Eliciting the Relaxation Response
It’s no secret that stress can have a damaging effect on one’s health. The good news is that there are various relaxation techniques that may help to counter it. That said, relaxation is “the state of being free from tension and anxiety.” This outcome is essentially what is referred to as the relaxation response.
“The relaxation response” was first coined by Dr. Herbert Benson of Harvard Medical School. According to Benson, it is “a physical state of deep rest that changes the physical and emotional responses to stress and the opposite of the fight or flight response.”
Consequently, one won’t elicit the relaxation response by lounging around the house or sleeping. In essence one has to learn how to effectively manage stress.
Stress and the Relaxation Response
Stress is a part of everyday life. However, when the nervous system is overwhelmed by stress, it inundates the body with chemicals that prepare it for “fight or flight.” Yet while the stress response is needed for learning, creativity, and can be beneficial in situations where you need to act quickly; it wears the body down when it is constantly activated.
Abnormal responses to stress can have a negative effect on us behaviorally, emotionally, physically and cognitively. This is why it is so important to develop proper coping strategies. Research even shows that stress plays a role in the onset of many illnesses and conditions, such as high-blood pressure, anxiety, heart disease, headaches and depression.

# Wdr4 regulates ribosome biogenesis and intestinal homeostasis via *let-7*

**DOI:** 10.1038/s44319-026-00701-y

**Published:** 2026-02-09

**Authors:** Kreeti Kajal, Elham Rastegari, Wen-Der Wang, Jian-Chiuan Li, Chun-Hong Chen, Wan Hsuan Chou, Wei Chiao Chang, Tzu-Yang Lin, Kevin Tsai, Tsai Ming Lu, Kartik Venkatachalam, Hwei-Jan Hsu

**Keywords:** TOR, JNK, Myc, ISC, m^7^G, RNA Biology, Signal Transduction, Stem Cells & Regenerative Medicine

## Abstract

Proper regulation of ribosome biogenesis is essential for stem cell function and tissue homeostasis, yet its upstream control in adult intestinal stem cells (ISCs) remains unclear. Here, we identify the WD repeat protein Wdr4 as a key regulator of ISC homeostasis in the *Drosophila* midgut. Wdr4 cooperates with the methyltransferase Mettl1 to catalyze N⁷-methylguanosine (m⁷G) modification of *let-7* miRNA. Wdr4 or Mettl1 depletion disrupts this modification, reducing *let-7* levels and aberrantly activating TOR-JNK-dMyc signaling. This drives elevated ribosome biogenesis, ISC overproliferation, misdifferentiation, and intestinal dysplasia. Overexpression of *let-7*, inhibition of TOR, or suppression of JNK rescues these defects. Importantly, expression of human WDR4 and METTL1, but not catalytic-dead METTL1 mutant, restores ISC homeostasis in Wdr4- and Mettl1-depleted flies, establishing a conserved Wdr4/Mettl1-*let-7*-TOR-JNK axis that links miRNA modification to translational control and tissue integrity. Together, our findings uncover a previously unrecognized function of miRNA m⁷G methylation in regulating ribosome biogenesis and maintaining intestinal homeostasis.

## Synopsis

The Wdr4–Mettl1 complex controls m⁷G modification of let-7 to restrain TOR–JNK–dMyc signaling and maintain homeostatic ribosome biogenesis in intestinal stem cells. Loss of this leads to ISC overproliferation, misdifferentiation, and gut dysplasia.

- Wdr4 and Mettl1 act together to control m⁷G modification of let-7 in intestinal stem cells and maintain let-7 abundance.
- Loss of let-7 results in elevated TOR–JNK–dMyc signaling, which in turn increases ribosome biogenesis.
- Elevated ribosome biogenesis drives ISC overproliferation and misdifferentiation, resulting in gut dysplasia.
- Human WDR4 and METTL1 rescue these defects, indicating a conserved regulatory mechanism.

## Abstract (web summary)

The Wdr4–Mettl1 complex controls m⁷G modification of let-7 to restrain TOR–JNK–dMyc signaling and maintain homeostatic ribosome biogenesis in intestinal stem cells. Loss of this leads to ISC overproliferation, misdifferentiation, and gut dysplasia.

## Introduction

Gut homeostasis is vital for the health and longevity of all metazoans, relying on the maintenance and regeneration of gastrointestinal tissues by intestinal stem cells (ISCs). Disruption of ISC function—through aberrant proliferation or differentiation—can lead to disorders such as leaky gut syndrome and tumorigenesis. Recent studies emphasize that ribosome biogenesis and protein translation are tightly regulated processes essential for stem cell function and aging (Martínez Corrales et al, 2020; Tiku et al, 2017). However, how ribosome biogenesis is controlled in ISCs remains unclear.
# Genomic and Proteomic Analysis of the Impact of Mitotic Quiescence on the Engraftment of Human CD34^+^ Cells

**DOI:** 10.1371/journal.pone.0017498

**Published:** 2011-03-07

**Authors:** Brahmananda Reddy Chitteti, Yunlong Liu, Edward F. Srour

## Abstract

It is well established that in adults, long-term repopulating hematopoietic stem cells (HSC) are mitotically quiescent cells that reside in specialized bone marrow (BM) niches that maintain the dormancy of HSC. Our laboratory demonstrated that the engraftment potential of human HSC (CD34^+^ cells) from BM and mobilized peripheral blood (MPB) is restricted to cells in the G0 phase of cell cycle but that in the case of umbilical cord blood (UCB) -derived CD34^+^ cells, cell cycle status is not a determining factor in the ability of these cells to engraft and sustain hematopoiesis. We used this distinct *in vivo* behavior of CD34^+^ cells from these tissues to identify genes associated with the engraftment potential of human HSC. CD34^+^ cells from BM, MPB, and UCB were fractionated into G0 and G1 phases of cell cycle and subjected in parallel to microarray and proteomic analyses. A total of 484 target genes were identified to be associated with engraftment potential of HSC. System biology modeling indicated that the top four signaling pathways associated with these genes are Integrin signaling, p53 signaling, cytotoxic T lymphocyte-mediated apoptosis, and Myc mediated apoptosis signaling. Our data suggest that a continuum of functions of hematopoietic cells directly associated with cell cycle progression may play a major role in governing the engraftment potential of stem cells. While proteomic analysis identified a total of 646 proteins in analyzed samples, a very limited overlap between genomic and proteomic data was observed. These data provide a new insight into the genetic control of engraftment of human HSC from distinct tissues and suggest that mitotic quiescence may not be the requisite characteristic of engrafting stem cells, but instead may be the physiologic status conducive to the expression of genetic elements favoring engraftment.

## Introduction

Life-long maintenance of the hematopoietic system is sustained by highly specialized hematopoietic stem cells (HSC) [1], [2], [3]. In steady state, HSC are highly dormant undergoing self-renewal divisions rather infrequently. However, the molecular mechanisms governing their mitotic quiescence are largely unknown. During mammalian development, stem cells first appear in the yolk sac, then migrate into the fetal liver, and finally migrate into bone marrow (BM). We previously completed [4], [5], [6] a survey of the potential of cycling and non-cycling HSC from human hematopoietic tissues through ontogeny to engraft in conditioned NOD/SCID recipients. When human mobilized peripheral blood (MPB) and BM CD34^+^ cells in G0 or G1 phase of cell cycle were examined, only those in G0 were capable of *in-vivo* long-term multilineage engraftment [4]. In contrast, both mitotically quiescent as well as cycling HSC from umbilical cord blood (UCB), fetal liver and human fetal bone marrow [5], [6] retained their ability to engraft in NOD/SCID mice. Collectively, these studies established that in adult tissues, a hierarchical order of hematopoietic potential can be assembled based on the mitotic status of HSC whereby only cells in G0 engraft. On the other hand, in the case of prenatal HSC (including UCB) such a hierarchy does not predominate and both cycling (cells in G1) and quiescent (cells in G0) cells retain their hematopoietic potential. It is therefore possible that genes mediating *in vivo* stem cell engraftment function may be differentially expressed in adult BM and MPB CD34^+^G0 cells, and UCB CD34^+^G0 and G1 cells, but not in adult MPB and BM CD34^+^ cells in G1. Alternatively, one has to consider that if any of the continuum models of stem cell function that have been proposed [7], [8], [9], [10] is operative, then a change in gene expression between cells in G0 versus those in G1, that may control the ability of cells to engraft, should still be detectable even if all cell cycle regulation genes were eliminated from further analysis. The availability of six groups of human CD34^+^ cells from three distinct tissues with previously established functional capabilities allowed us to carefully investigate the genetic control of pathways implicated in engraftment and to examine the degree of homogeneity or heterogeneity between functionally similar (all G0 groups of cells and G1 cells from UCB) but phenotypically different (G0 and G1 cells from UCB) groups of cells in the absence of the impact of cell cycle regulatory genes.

Yet studies have also revealed that the conscious practice of relaxation techniques (or eliciting the relaxation response) can have a positive effect on one’s health. It may even reduce the damage caused by the negative effects of stress.
Firstly, the most common immediate relaxation techniques involve deep breathing exercises and meditation. During these moments when the relaxation response is activated, our immune system functioning is enhanced. This means an improvement in breathing, sleep patterns, digestion and mental clarity occurs. In fact when we allow the system to experience this rest, it creates a balance awareness that helps us to pursue and embrace the stillness of joy and peace within.
Secondly, you may even want to figure out your stress triggers and how you react to them. In other words, know what situations tend to make you stressed and understand those you can and can’t control. It may also be helpful to prioritize tasks and/or prepare for stressful events in advance.
Finally, knowing how to rejuvenate is a vital aspect of stress management, and ultimately, maintaining our overall health and well-being. So don’t rule out visiting a community health and wellness center or consulting a licensed professional if you are having difficulty managing stress.